During Hispanic Heritage month, we celebrate the vibrant tapestry of Hispanic culture that has enriched our country. From super pop stars (Shakira, anyone?) to a proliferation of Latino-owned small businesses, Latino influence is everywhere. Ever eager to learn more about Hispanic heritage, we reached out to our Latino colleagues at Quizlet and asked them to share something about their culture that they are proud of.

Here’s what they said:

Jessica Pinell - Rubén Dario


I grew up writing and knew at the young age of seven that reading and writing were my favorite subjects. I went on to study English as my college major. Darío traveled the world and made such an impact with his writing style. I’m grateful my grandmother and family had a powerful figure, straight from Nicaragua, to look up to.

Dario is regarded by many to be one of the greatest poets who wrote in Spanish. Dario was an influential Nicaraguan poet, journalist and diplomat.

Born Félix Rubén García Sarmiento in 1867, Dario made his mark on Spanish-language poetry by playing with rhythm, meter and imagery. He is credited with breathing new life into Spanish-language poetry while developing his own original style. In the process, he founded the Spanish-American literary movement known as Modernismo.

While living in Chile in 1888, Dario published his first major work: a collection of short stories, descriptive sketches and verse called Azul (meaning “blue”). Darío dispensed with the long and complicated Spanish sentence structure when writing the prose for Azul, replacing it with simpler language. Azul went on to be acclaimed as the start of a new period in Spanish-American literature.

At the end of the century, Rubén was a European correspondent for the Buenos Aires newspaper La Nación. His interests grew outside the realm of art, and he began to focus on pressing international issues. These issues included looming North American imperialism, unity among Spanish-speaking countries, and the future of Spanish America. In 1905, he published Cantos de vida y esperanza (“Songs of Life and Hope”), which is roundly considered to be his culminating achievement. This work binds together his literary experimentation and those weighty concerns.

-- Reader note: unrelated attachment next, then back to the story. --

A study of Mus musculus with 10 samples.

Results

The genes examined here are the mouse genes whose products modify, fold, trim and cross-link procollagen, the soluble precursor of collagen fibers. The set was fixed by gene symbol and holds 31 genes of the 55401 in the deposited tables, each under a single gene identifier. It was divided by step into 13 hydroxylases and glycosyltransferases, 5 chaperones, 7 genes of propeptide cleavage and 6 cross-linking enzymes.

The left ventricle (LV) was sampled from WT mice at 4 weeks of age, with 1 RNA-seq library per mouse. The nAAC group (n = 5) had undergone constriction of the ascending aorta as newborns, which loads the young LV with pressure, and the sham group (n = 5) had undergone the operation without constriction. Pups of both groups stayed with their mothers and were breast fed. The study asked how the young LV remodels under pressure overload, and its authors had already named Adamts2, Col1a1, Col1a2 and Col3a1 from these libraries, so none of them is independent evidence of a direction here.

Jose Gallegos - Jose Clemente Orozco


Orozco is known as one of the most important 20th-century muralists. He specialized in political murals and was one of “los tres grandes” (the three greats) of Mexican muralism. Orozco, who lived from 1883 to 1949, openly criticized the Mexican Revolution and the post-Revolution government. His work was often dark and politically motivated. He promoted the political causes of peasants and workers.

Orozco’s style was layered, including elements of modernist abstraction, emotional expressiveness and Renaissance-style compositions and modeling. Wanting to move away from his earlier art in the European tradition, he later began to employ forms and iconography from pre-colonial Mexican art.

Chad Meirose - Puerto Rico


The U.S. commonwealth was originally occupied by the Taíno people and called Borinquén (which is where the term “Boricua,” referring to Puerto Rican people, originated).

Juan Ponce de León founded the first Spanish settlement on the island in 1508. Nearly 400 years later, in 1898, Puerto Rico was ceded to the United States at the end of the Spanish-American War along with the Philippines, Guam and Cuba.

Since then, Puerto Rico has experienced many political changes and became a commonwealth in 1948. Currently, while citizens of Puerto Rico hold American citizenship, they do not have the right to vote in presidential elections. Similarly, Puerto Rico has an elected non-voting representative in Congress and is not part of the electoral college.

The people of Puerto Rico have grappled with the question of the island’s future. Should it continue as a commonwealth, become a U.S. state, or function as an independent nation? In 1967, 1993 and 1998 the people voted for what they felt would be best for Puerto Rico. All three times they chose to remain a commonwealth. On November 3 of this year, Puerto Rico will vote on a statehood referendum in the general election.

Luis Calona - Día de la Independencia de México


The 16th of September has a storied history in Mexico. On that day in 1810, Miguel Hidalgo y Costilla, a Catholic priest, made Grito de Dolores, or the Cry of Dolores. This was the first vocal call for independence from Spain.

According to Mexican tradition and folklore, Father Hidalgo summoned the villagers of Dolores Hidalgo in Mexico by ringing a church bell in the wee hours of the morning. When they had assembled, he exhorted them to revolt against the Spanish authorities.

Every year on this day, the Mexican president honors Father Hidalgo by performing a reenactment from the National Palace in Mexico City.

But don’t confuse Mexican Independence Day with Cinco de Mayo. Cinco de Mayo (May 5th) is an annual celebration held to commemorate the Mexican Army's victory over the French Empire at the Battle of Puebla, on May 5, 1862.


You can broaden your knowledge and understanding of Hispanic heritage with study sets ranging from Mexican independence and central american geography to Spanish vocabulary and Spanish literature authors.

¡Feliz mes de la Herencia Hispana! Happy Hispanic Heritage Month!